5 Strategies for Managing Workplace Conflicts

In a small business, friction between employees is hard to hide and takes a toll on productivity. As the owner, it's up to you to play ref.
August 31, 2012

Conflict in the workplace is a leading cause of stress and causes lost productivity as employees try to avoid those with whom they disagree. In fact, human resource managers report spending 24 to 60 percent of their time managing employee disputes.

About 35 percent of the U.S. workforce has been the target of a workplace bully, with another 15 percent reporting they've witnessed another employee being bullied, according a survey by the Workplace Bullying Institute (WBI). And it's not just bullying that poses problems, but differences of opinion and personality conflicts that can cause employee strife. 

Here are a few tips for managing conflict to keep your team functioning at its best. 

1. Hear both sides. Give both parties a chance to share their side of the story in full.

Sometimes getting everything on the table can reveal an easy solution that wasn't obvious before the issues were verbalized. Often, employees feel better just knowing they've had a chance to share their concerns and be heard. Brian V. Moore, team-building expert and founder of Celebrating Humanity, says it's important to create a level playing field where each person feels as though they can speak without being ridiculed or embarrassed. 

2. Get to the root of the problem.

Easier said than done, but it's critical for developing a win-win solution that keeps the organization's goals at the forefront. As a small-business owner, the more conflicts you mediate, the easier this will become. That's why giving both parties a chance to explain their side of the story in detail is imperative; it will help you identify the core issue. 

Is it a personality conflict? Are the employees in conflict coming from different departments with different goals? Knowing the real issue at hand is the only way to develop the right solution. In some cases, it may be putting the two employees on separate projects or realigning project goals to accommodate different needs is the best solution. 

3. Teach employees to appreciate their differences.

Once everyone has gotten things off their chest, it's a good idea to look at the situation objectively and analyze how the different approaches can actually compliment one another. It might be possible to realign the roles each party has in a given situation to better utilize their respective strengths and minimize differences of opinion. 

If you're experiencing multiple conflicts among employees or divisions, it's a good idea to implement a diversity program, which can help mitigate future conflicts before they boil over to the point that they require mediation from you or your HR manager. You can also bring in a consultant to help you create a program that will work best for your company.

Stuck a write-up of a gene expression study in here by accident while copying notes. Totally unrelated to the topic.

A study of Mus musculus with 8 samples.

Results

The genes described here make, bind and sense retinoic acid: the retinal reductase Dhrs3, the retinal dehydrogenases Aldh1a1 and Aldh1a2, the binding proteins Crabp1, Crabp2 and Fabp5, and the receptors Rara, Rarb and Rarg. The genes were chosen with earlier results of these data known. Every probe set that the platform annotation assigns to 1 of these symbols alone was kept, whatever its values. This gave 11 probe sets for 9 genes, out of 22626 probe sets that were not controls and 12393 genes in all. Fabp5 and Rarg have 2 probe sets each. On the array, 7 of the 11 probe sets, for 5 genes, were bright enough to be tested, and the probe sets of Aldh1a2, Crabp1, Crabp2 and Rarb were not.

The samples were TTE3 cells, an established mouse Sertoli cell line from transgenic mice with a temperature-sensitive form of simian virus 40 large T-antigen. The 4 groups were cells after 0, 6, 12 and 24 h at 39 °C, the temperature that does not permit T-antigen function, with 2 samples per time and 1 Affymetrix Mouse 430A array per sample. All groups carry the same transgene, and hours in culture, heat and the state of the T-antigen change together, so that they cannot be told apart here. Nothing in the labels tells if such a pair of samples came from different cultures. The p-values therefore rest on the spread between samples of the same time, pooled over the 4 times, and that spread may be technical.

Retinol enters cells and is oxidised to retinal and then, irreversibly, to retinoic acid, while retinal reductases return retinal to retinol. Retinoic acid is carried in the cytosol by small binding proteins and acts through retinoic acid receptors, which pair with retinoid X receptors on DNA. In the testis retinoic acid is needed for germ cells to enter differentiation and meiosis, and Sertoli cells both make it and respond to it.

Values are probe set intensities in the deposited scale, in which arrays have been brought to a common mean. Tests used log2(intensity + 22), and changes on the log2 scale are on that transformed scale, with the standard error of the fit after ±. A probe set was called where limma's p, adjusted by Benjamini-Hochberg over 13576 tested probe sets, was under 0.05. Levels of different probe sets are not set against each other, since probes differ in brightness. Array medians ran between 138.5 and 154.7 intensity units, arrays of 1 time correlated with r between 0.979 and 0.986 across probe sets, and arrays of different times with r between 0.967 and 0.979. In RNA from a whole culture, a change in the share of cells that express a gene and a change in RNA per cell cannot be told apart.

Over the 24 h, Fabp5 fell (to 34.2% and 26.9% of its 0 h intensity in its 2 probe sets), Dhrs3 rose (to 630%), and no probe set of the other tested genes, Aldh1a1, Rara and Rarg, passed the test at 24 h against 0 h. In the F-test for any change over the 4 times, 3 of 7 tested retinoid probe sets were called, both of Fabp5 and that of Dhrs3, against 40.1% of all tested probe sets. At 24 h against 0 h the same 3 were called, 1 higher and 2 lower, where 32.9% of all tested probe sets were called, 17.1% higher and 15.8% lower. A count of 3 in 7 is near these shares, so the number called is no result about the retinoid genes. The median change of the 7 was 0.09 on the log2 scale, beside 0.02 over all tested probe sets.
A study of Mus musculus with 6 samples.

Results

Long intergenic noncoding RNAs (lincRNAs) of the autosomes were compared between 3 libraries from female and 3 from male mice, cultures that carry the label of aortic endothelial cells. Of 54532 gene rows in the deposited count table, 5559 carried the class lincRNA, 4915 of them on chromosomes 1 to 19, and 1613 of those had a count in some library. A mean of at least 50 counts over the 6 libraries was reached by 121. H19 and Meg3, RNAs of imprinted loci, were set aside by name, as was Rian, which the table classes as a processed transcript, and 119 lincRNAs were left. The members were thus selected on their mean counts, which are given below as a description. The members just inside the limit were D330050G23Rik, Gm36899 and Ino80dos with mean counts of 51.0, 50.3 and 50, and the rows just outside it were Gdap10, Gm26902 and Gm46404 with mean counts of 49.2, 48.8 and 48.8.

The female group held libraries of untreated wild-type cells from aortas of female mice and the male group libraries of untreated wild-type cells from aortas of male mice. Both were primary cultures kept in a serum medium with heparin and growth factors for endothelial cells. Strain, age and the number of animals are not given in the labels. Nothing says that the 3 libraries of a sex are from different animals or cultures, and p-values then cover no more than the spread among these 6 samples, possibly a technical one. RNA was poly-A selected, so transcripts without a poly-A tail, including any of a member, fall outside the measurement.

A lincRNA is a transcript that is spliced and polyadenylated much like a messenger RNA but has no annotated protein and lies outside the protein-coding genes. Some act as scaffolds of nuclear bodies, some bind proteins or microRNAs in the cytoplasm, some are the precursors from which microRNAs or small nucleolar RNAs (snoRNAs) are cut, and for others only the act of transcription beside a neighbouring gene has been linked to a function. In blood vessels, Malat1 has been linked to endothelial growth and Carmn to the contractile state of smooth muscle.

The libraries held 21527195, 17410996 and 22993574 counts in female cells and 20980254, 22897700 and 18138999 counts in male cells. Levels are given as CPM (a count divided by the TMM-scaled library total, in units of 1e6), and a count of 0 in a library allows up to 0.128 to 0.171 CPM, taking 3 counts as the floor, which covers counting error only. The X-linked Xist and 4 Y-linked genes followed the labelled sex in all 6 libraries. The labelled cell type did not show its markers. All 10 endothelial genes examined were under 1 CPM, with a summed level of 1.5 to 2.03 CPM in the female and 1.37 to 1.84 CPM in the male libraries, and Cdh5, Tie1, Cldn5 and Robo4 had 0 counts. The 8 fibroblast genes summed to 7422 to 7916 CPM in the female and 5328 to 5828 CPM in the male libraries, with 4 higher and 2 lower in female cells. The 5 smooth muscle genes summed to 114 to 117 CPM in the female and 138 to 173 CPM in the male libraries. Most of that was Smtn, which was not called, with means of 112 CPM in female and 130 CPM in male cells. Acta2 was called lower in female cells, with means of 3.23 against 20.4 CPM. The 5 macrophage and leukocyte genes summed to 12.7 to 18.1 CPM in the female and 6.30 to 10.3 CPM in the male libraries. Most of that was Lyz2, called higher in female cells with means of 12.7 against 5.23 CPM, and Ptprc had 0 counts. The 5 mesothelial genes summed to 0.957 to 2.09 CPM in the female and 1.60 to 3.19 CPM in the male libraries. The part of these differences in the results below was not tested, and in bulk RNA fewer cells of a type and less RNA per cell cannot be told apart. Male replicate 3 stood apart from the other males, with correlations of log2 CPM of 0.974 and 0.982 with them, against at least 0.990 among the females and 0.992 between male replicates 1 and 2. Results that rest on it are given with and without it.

4. Find common ground.

No matter how significant a conflict or how drastic differences of opinion are, there's almost always something you can find on which the two employees in conflict can agree. This is a critical step in rebuilding lost rapport and creating a platform for problem solving. Some of the areas of possible consensus include:

  • Agreeing on the problem 
  • Agreeing on a worst-case scenario 
  • Agreeing on one small, simple change that can improve the chances for success 

5. Get both parties to buy in to the solution.

Find a solution that keeps the goals of your organization in mind while satisfying both parties in conflict. It may take some time to reach this point, and it will require compromise on all fronts. Imposing a solution and forcing both parties to comply may be necessary in some instances, but the ideal resolution is to identify a plan of action that both parties can live with and agree on. 

Giving both parties an opportunity to participate in the problem-solving process and a sense of ownership in the solution drastically increases your chances of long-lasting success. 

Conflict resolution isn't easy, especially if you're dealing with two employees who simply have a personality conflict. Not all disagreements are resolvable. It's up to you as a small-business owner to take a proactive approach to conflicts developing in your workplace and taking the appropriate steps to develop win-win solutions. If you approach each situation the right way, giving both sides a chance to speak without fear of ridicule, finding a common ground and including both employees in the process of developing a solution, you'll have a much higher success rate in dissolving conflicts. 

Angela Stringfellow is a PR and MarComm Consultant and Social Media Strategist offering full-circle marketing solutions to businesses. Angela blogs via Contently.com.